Robert Ryman: Artist Portrait

Robert Ryman

Born 1930. Died 2019.

Born in 1930 in Nashville, Tennessee, Robert Ryman is considered one of the leading pioneers of Minimalist painting, alongside such renowned artists as Frank Stella and Sol LeWitt. Following high school, Ryman initially enrolled at the Tennessee Polytechnic Institute, but after one year of studies he transferred to the George Peabody College for Teachers (now part of Vanderbilt University) in Nashville to study music. Following a brief stint in the United States Army, in 1952 he relocated to New York to continue pursuing music.

To support his musical pursuits, Ryman worked several odd jobs, and ultimately found a position as a guard at the Museum of Modern Art. Through this position, he befriended LeWitt and fellow artist Dan Flavin, who were also employed by the Museum at the time. During his employment, Ryman took advantage of premier collection, studying the works of Paul Cézanne, Pablo Picasso, Mark Rothko and Jackson Pollock, all artists who would have a profound influence on Ryman’s own work and practice. The same year in which he began working for MoMA he began painting, and the first of what Ryman would consider his professional works came just a few short years later in 1955. Despite taking brief courses in life-drawing and painting fundamentals, Ryman was largely self-taught.

Ryman met the feminist art critic Lucy Lippard at a MoMA party in 1958, and the pair wed in 1961—the same year in which he began painting fulltime. The couple immersed themselves in the New York art scene, until the couple became pregnant with their first child. It took Ryman and Lippard a protracted period of time to decide on a name for their unborn child, which some have compared to Ryman’s proclivity for leaving many of his works nameless (they eventually settled on “Ethan”). Ultimately, the marriage ended in divorce, and Ryman later married Merrill Wagner.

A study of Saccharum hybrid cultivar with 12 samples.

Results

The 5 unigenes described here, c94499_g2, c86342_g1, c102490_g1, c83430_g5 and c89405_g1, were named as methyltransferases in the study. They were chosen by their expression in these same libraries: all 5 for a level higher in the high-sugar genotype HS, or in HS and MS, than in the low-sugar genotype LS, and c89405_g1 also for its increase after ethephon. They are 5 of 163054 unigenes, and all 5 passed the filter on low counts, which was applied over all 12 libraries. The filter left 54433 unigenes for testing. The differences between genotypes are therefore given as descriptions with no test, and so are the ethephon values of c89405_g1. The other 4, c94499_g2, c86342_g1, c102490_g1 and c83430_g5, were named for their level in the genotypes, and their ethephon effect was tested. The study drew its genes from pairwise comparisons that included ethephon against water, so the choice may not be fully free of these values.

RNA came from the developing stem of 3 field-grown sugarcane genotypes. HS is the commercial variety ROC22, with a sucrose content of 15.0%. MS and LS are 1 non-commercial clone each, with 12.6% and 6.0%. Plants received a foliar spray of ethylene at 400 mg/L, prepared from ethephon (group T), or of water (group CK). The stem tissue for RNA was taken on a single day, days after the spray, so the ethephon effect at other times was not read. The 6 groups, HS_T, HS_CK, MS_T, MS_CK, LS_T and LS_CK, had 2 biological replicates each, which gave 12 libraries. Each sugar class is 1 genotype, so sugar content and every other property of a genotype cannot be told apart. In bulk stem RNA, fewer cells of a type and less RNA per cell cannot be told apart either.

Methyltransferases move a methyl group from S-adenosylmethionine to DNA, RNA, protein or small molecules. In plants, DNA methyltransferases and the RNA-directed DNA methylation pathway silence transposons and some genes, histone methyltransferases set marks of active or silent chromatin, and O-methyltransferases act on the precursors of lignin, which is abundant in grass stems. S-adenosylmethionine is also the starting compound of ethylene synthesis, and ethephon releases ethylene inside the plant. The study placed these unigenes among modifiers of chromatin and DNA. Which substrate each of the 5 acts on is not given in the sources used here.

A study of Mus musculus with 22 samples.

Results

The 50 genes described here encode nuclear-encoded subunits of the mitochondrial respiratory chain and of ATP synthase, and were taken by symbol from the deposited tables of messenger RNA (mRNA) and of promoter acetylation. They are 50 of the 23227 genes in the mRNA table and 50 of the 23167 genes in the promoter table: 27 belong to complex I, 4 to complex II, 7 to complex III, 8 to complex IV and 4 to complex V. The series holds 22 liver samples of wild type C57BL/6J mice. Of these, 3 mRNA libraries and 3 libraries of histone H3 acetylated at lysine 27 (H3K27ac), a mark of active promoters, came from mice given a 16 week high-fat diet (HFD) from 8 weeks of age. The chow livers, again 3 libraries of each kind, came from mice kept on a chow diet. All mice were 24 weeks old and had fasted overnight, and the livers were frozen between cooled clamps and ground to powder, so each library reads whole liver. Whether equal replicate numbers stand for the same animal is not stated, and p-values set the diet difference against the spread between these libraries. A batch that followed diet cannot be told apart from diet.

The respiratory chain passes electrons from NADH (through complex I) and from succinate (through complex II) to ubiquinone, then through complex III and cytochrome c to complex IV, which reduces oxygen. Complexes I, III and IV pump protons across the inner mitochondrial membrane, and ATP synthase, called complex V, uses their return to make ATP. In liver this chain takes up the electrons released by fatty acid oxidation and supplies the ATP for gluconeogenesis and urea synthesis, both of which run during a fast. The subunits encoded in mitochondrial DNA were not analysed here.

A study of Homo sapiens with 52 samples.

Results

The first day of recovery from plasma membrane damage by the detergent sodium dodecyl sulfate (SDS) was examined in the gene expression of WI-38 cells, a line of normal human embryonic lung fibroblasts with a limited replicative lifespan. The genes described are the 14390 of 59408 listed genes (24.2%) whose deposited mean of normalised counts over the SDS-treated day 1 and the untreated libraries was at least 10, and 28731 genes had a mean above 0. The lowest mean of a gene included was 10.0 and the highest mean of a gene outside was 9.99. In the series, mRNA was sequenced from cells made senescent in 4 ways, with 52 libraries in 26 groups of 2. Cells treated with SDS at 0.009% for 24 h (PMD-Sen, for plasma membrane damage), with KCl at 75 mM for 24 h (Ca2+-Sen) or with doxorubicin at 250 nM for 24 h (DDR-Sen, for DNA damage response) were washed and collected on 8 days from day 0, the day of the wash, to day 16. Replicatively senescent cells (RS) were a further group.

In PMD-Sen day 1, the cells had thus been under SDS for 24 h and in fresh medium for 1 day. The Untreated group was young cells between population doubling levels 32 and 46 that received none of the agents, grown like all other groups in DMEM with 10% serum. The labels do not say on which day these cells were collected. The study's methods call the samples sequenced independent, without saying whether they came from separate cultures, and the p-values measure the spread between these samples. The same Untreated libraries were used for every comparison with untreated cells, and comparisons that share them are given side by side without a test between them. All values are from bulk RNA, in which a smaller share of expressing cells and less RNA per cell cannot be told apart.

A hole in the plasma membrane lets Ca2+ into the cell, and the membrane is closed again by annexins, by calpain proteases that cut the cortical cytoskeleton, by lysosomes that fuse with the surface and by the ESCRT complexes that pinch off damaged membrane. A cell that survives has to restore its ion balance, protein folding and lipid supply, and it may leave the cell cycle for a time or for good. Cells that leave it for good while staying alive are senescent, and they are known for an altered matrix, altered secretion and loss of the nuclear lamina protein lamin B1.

Although Ryman’s earliest works involve experiments with color, beginning in the 1960s he found his preferred mode, canvases—or often sheets of metal in place of canvas—that are largely devoid of color, and instead consist of white paint. These monochromatic works reflect the artist’s preoccupation with the absence of color, and the foregrounding of texture and technique.

Ryman had his first solo show in New York at the Paul Bianchini Gallery in 1967, and his first museum solo exhibition was held at the Solomon R. Guggenheim Museum in 1972. In the following years, Ryman enjoyed an upward trajectory of success: he was included in Documenta 5, was the subject of a retrospective at the Stedelijk Museum, Amsterdam, in 1973, and at Whitechapel Art Gallery, London, in 1977, and in 1994 was nominated as a member of the American Academy of Arts and Letters in New York.

Ryman continues to live in New York, and his work can be found at a number of premier museum collections worldwide, including MoMA, New York; the Solomon R. Guggenheim Museum, York; the Tate Modern, London; and the Centre Georges Pompidou, Paris.